Guest Post: May is ALS Awareness Month!
By: The ALS Association
May is ALS Awareness Month, a time dedicated to raising awareness about ALS and the people affected by it. At The ALS Association, we are committed to making ALS livable for everyone, everywhere, until a cure is found. You can help us fight this relentless disease by visiting ALS.org/awareness.
ALS (amyotrophic lateral sclerosis), also known as Lou Gehrig’s Disease, is a progressive neurodegenerative disease that affects nerve cells in the brain and spinal cord. Eventually, people with ALS lose the ability to walk, speak, and, ultimately, breathe. The disease is always fatal and there is no cure.
- Every 90 minutes, someone is diagnosed and someone dies from ALS.
- For about 90% of all cases, there’s no known family history of the disease or presence of a genetic mutation linked to ALS.
- For 5-10% of all cases, there’s a known family history of the disease. This is often called familial ALS.
- In families with familial ALS, there is a 50% chance each offspring will inherit the gene mutation and may develop the disease.
- For unknown reasons, military veterans are more likely to be diagnosed with the disease than the general public.
- The cost of care for a person with ALS is estimated to be $250,000 annually.
Essential ALS Resources
- Visit org for information and resources on ALS, from symptoms and research to advocacy and care.
- Find ALS support in your area through our nationwide network of care.
- Get the latest news about ALS. Sign up for our monthly e-newsletter, follow our weekly blogs or listen to our latest podcast on Connecting ALS.
- Become an advocate and help change laws and policies that affect people with ALS and their families.
- Learn more about ALS research and find out how you can enroll in clinical trials.
- Follow on social media. Stay up to date on the latest in ALS news and stories about people living with ALS through Facebook, Instagram, and Twitter.
Finding a Cure for ALS
While there is no cure, the research and drug development pipeline are robust and promising. Just in the last year, two new drugs have been approved to treat the disease – including the first treatment to be supported by money raised by the ALS Ice Bucket Challenge, and the first gene therapy approved to treat ALS. In total, three new treatments have been granted FDA approval in the last five years.
The ALS Association is currently funding over $53 million in research around the world, and 40 potential treatments are part of that pipeline.
These treatments slow disease progression, prolong life and reduce negative health outcomes like falls and hospitalizations. We are even supporting research looking into ways to prevent ALS from developing.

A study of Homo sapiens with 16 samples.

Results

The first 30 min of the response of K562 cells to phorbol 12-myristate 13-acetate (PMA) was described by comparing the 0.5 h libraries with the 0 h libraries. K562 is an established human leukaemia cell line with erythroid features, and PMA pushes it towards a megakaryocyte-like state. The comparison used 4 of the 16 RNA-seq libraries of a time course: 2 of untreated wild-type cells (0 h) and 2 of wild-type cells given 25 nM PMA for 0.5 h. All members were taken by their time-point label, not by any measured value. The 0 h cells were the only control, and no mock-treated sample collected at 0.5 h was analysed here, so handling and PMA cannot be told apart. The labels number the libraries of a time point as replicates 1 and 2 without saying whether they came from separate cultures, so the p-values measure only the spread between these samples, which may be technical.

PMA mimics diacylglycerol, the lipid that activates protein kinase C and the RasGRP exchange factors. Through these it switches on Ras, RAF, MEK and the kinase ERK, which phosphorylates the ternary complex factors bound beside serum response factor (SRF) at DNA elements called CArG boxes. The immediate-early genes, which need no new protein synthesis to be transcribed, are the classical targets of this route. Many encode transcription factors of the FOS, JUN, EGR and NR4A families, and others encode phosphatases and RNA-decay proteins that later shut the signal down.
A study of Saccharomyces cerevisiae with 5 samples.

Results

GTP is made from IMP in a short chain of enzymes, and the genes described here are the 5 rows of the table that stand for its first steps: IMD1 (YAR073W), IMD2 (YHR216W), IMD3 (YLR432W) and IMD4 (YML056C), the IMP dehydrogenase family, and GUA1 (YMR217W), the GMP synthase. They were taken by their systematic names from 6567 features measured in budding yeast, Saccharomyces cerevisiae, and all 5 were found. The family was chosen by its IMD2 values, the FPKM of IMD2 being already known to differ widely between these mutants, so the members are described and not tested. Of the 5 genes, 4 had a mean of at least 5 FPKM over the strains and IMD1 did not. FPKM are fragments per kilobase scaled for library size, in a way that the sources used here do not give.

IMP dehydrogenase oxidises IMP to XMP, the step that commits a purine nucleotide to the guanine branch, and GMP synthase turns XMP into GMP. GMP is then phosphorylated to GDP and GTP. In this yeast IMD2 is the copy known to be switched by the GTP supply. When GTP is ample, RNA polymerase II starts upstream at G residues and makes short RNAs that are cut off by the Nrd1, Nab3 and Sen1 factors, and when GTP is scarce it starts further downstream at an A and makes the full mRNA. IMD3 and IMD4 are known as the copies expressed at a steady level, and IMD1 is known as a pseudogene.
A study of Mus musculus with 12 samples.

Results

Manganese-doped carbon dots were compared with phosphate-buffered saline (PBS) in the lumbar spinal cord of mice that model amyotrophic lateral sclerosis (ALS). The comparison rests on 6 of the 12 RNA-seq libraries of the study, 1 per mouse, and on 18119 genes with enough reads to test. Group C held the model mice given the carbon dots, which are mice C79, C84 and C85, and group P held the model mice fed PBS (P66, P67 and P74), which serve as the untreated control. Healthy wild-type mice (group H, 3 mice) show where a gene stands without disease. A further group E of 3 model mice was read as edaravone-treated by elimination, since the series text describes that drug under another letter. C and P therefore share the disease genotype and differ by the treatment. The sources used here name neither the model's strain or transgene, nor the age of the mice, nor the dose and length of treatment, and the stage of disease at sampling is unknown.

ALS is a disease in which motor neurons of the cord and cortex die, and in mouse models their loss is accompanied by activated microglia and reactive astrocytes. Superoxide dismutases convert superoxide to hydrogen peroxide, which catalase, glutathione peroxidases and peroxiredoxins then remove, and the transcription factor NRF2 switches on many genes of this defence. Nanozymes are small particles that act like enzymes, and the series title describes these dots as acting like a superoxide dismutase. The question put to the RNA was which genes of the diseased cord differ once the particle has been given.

Making ALS Livable
Even as we support researchers looking for treatments and ways to cure ALS, we are also working to make sure that every person living with ALS has access to high-quality and effective treatments today, no matter where they live.
We do that through a nationwide network of multidisciplinary care centers, which have been shown to extend life and increase quality of life. We also work to coordinate care for over 20,000 people living with ALS, provide financial grants to help cover expenses associated with an ALS diagnosis, and work with families to figure out what they can do to adapt their home environment and fight for public policies that make home modifications accessible and affordable.
About The ALS Association
The ALS Association is working to make ALS a livable disease while urgently searching for new treatments and a cure. As the largest philanthropic funder of ALS research in the world, we fund global research collaborations, assist people with ALS and their families through a nationwide network of care and certified clinical care centers, and advocate for better public policies for people with ALS.
Thanks to the ALS Ice Bucket Challenge and the generous support of our donors, we have been able to dramatically accelerate the fight against ALS by funding the development of new ALS treatments, by discovering new ALS genes, by creating new global research collaborations, and by significantly expanding access to ALS care. Our commitment is that every person living with ALS, regardless of where they live, should be able to access high-quality care and effective treatments.